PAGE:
One of the mysteries of the English language finally explained.
1A lizard-like amphibian with an elongated body and tail and short limbs, once thought able to endure fire.
Order Urodela: four families, in particular Salamandridae, and numerous species, including the fire salamander
- ‘Interestingly, while some amphibians like newts and salamanders are very effective at regenerating limbs, they are not as effective at regenerating tissue to repair damaged internal organs.’
- ‘Like the majority of frogs and toads, many salamanders undergo an obligate metamorphosis that allows for the exploitation of both aquatic and terrestrial habitats during ontogeny.’
- ‘Direct development and viviparity have evolved in all three groups of Lissamphibia: frogs, salamanders and caecilians.’
- ‘A number of salamanders, such as the North American ‘mudpuppy’ and the Mexican axolotl, develop legs but retain their larval gills and stay in the water throughout their lifetimes.’
- ‘These salamanders undergo a typical amphibian life cycle, wherein they hatch from the egg in an aquatic-larval form and eventually undergo a metamorphosis through which they achieve a terrestrial adult form.’
- ‘Around 5,000 amphibian species, including frogs, toads, newts, and salamanders are thought to exist today.’
- ‘As frogs, toads, salamanders, and snakes emerge from hibernation, encourage them to stay around your garden and help control pests.’
- ‘Gardener snakes, grass snakes, ground beetles, box turtles, salamanders, ducks, and larvae of lightning bugs all feed on snails.’
- ‘The ‘true salamanders’ tend to be smooth skinned, while the newts are unlike all other salamanders in having rough skin that is not slimy.’
- ‘The study finds 122 species of frogs, toads, salamanders and legless amphibians have probably become extinct since 1980 and warns that a third of all amphibian species currently face the same fate.’
- ‘Both salamanders and Hamilton's frogs care for eggs and young.’
- ‘While salamanders with ballistic tongue projection rarely miss their target, frogs that use ballistic projection can be highly inaccurate.’
- ‘By one count, 1 in 3 of the 5,743 known species of frog, toad, salamander, and other amphibians are dwindling.’
- ‘Scientists like Shubin, Gao, and Carroll say they are attracted to the study of salamanders because the amphibians give them a window to see how evolutionary mechanisms work.’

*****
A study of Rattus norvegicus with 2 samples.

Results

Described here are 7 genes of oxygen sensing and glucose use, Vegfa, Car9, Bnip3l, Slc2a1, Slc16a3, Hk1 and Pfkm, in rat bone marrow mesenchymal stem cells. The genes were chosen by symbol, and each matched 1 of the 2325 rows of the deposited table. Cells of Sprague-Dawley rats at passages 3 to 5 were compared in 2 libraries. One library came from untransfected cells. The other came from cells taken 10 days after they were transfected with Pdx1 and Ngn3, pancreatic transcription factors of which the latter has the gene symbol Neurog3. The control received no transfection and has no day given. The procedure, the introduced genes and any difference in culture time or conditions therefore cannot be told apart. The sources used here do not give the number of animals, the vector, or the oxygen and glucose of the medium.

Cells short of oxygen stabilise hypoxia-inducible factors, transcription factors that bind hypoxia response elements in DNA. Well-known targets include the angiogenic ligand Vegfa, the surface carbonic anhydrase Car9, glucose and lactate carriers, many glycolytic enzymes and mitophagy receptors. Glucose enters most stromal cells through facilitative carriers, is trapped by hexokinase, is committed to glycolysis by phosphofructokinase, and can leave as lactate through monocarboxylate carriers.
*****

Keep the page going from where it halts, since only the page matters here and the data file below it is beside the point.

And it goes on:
- ‘Viable woodlands are just as critical as clean waters for frogs, toads, turtles, salamanders, newts, and many species of reptiles.’
- ‘Since salamanders are amphibians, their skins are sensitive to being dried out; therefore they are found in or near water and damp places.’
- ‘The familiar frogs, toads, and salamanders have been present since at least the Jurassic Period.’
- ‘Amphibians such as frogs, toads, and salamanders are undergoing rapid population declines, most likely due to fungal disease, climate change, habitat loss, and pollution.’
- ‘To avoid predators, some animals - like some snakes, salamanders or frogs - restrict their movements under a full moon and tend to hunt more on moonless nights.’
- ‘Their steep slopes are the nearest thing to a rainforest in Europe, overflowing with springs and pools which are home to salamanders and newts.’
2A mythical lizard-like creature said to live in fire or to be able to withstand its effects.
- 2.1 An elemental spirit living in fire.
- 2.1 An elemental spirit living in fire.
3A metal plate heated and placed over food to brown it.
- ‘Remove from oven and place under salamander until golden brown.’
- ‘Remove pork from cooking liquid, cut into cubes and heat under salamander or broiler until sizzling.’
- ‘Place gratineed stacks under a salamander or broiler until top is browned.’
- ‘If you don't own a 1.75m tall machine from Catalonia but have a large enough salamander you can mimic, but not match, this method by grilling entire joints: legs of lamb, ribs of beef, suckling pigs, etc.’
- 3.1 A space heater, usually fueled by propane.
4archaic A red-hot iron or poker.
Middle English (in salamander (sense 2)): from Old French salamandre, via Latin from Greek salamandra. Sense 1 dates from the early 17th century.